The rising star of Indian Ocean

Not content to be viewed as a sybaritic playground for holidaymakers from Europe, its traditional feeder market, Mauritius now wants to lure more Asian visitors with its rich fusion of culture, nature and history.

A tropical island off the east coast of Madagascar in the Indian Ocean, Mauritius is perhaps better known worldwide as a beach and honeymoon destination, but industry players want to show that the country offers cultural and natural riches beyond upmarket beaches.

Dubbed the gateway to Africa, the island nation of 2,040km2 is rich in scenic beauty with a dramatic coastline fringed by white-sand beaches and turquoise waters, alongside a whole bucket-list of activities both on land and in water to provide once-in-lifetime experiences to visitors.

Mauritius offers plenty of attractions on land and in water (pictured: Le Morne peninsula as seen from the air)

Mauritius is also a melting pot of Asian, African and European influences, the result of centuries of immigration that created diverse traditions and a richly mixed cuisine on a previously uninhabited island barely five centuries ago.

Now, the country’s top tourism leaders and industry players are putting a stronger focus on attracting Asian travellers to its shores, expanding from its traditional core visitor markets of Europe and Africa.

Anil Kumarsingh Gayan, Mauritius’ minister of tourism, said: “We believe that Mauritius needs a share of the global tourism market. We want to promote Mauritius as a quality destination, and peg the country as a high-end destination.”

Asia’s superpowers India and China are key target markets for Mauritius, where historical and cultural ties to both countries run deep. “We share a natural affinity with India, while the Chinese in Mauritius date back some 200 years,” said Gayan.

About 70 per cent of the country’s population is descended from indentured Indian labourers taken there after the abolition of slavery during the 19th century. The small but sizeable Chinese community, meanwhile, were descendants of traders and artisans who migrated to Mauritius under French and British rule.

Arvind Bundhun, director of Mauritius Tourism Promotion Authority (MTPA), revealed that the NTO has also rolled out “big visibility campaigns” in both India and China to shore up destination awareness of Mauritius among travel operators and consumers alike, with OTAs and social media also making a key part of its marketing offensive.

In China, MTPA already has appointed marketing reps to focus on Shanghai – where Air Mauritius has a direct service to – and surrounding cities.

As well, Bundhun sees potential in “developing the golf market from Asia” for Mauritius, where the country’s ample greens are set against breathtaking Indian Ocean backdrops.

On the island, more local travel players are also tapping the potential of the up-and-rising Asian markets.

Pont Naturel Quad, which was established last year by industry veteran Sweety Moheeputh, the ATV tour company has made inroads into the Chinese leisure market, riding on the connectivity gains made with Air Mauritius’ connection to Shanghai, as well as seasonal charter flights from other parts of China.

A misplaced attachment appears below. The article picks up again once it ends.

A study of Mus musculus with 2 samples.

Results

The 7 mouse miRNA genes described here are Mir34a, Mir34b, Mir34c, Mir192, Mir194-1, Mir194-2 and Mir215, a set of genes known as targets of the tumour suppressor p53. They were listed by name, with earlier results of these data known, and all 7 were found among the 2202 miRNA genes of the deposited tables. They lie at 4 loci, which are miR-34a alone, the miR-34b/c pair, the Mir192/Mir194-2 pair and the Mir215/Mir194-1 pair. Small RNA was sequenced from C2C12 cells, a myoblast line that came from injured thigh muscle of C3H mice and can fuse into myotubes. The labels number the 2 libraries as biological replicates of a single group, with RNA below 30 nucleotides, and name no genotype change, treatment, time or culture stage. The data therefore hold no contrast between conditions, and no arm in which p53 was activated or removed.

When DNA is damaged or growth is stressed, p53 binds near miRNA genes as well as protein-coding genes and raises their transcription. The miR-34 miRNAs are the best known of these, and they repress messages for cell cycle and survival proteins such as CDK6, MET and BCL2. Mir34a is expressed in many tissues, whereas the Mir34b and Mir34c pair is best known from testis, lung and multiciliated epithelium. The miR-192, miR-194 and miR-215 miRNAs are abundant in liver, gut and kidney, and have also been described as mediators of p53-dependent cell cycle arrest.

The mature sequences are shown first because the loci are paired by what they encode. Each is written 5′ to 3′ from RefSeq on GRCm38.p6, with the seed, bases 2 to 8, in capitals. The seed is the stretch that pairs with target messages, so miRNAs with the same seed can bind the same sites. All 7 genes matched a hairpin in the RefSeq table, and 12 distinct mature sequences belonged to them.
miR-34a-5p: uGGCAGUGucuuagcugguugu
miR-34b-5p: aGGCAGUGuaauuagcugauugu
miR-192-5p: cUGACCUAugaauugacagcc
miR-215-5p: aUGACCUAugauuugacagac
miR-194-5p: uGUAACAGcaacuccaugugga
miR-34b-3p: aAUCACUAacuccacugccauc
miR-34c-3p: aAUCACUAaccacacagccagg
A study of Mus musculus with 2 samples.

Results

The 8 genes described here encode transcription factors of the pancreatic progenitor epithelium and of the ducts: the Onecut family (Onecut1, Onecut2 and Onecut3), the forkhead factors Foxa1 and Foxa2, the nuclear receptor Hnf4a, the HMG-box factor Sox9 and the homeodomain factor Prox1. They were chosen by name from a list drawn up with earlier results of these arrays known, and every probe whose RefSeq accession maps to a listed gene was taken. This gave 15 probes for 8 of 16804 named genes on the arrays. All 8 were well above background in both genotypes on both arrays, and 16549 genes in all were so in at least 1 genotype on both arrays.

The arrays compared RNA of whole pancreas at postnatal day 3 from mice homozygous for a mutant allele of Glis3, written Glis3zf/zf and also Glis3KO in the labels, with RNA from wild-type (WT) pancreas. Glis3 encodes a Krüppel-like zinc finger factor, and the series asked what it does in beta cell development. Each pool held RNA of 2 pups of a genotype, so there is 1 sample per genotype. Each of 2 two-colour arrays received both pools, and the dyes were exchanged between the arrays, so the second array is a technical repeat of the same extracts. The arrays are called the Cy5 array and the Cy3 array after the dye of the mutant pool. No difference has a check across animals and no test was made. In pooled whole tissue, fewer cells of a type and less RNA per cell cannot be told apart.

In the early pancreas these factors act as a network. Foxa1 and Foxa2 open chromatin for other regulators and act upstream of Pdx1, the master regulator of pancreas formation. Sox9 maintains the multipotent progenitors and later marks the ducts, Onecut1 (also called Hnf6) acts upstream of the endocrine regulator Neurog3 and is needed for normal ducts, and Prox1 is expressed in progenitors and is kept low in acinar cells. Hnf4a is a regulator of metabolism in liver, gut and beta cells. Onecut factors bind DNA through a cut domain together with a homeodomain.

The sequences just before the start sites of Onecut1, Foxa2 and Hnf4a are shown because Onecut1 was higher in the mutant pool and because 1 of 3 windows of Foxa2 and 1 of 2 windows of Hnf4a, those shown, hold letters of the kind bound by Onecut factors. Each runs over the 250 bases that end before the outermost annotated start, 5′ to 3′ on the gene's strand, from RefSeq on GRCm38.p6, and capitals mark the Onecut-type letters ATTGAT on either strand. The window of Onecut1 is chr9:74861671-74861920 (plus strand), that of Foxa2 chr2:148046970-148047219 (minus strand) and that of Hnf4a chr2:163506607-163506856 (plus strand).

However, in order to make Mauritius a much more attractive and top-of-mind destination for Asian travellers, Moheeputh would like the airfares and connections to Mauritius to improve.

MTPA’s Bundhun admits that “affordability and visibility” are key challenges for Mauritius, especially when it comes to marketing Mauritius to the Asian markets, amid intensifying competition from other resort destinations like the Maldives and the Seychelles.

Air Mauritius obviously has a vital role to play in the country’s ambitions of luring more Asian visitors, a point that CEO Somas Appavou is only too aware of as the carrier seeks to build better connectivity with major air hubs around the world.

One key effort was the Africa-Asia Air Corridor, which was launched in 2016 to position Mauritius as a cross-continent hub by developing air traffic through Singapore, reviving Mauritius’ ancient role as an Indian Ocean transit role in the skies, said the airline chief.

“Singapore is an island among people. Mauritius is an island surrounded by fish. The thing is if you’re a small gateway – and we want to be a gateway between Asia and Africa – you have to build connections with the hubs,” said Appavou.

This air corridor initiative, according to the tourism minister, has also helped to market Mauritius as part of the “Blue and Green Safari” joint campaign, which sees the island nation promoted as attractive tourism destinations alongside Kenya and South Africa.

Furthermore, the recent delivery of the first two Airbus A330-900neo planes to Air Mauritius in April this year – an “fuel-efficient aircraft model” which offers better cost per seat than predecessors A330 classic or A319 – could help the airline achieve greater competitiveness in a costly operating environment and step up service frequencies to China and elsewhere in Asia in the near future, Appavou shared.

In Asia-Pacific, the national carrier currently flies to Delhi, Mumbai, Chennai and Bengaluru in India, Singapore, Kuala Lumpur, Shanghai, Hong Kong and Perth.

Meanwhile, Air Mauritius is also trying to seal more alliances with Chinese carriers. Said Appavou: “We are working on (securing) partnerships with Chinese carriers in the pipeline, and we have started discussion with China Eastern Airlines.”

He remarked that Air Mauritius was climbing in Chinese traffic three years back, but the ongoing Sino-US trade war as well as an eroding yuan has caused the destination to lose momentum in courting the Chinese market.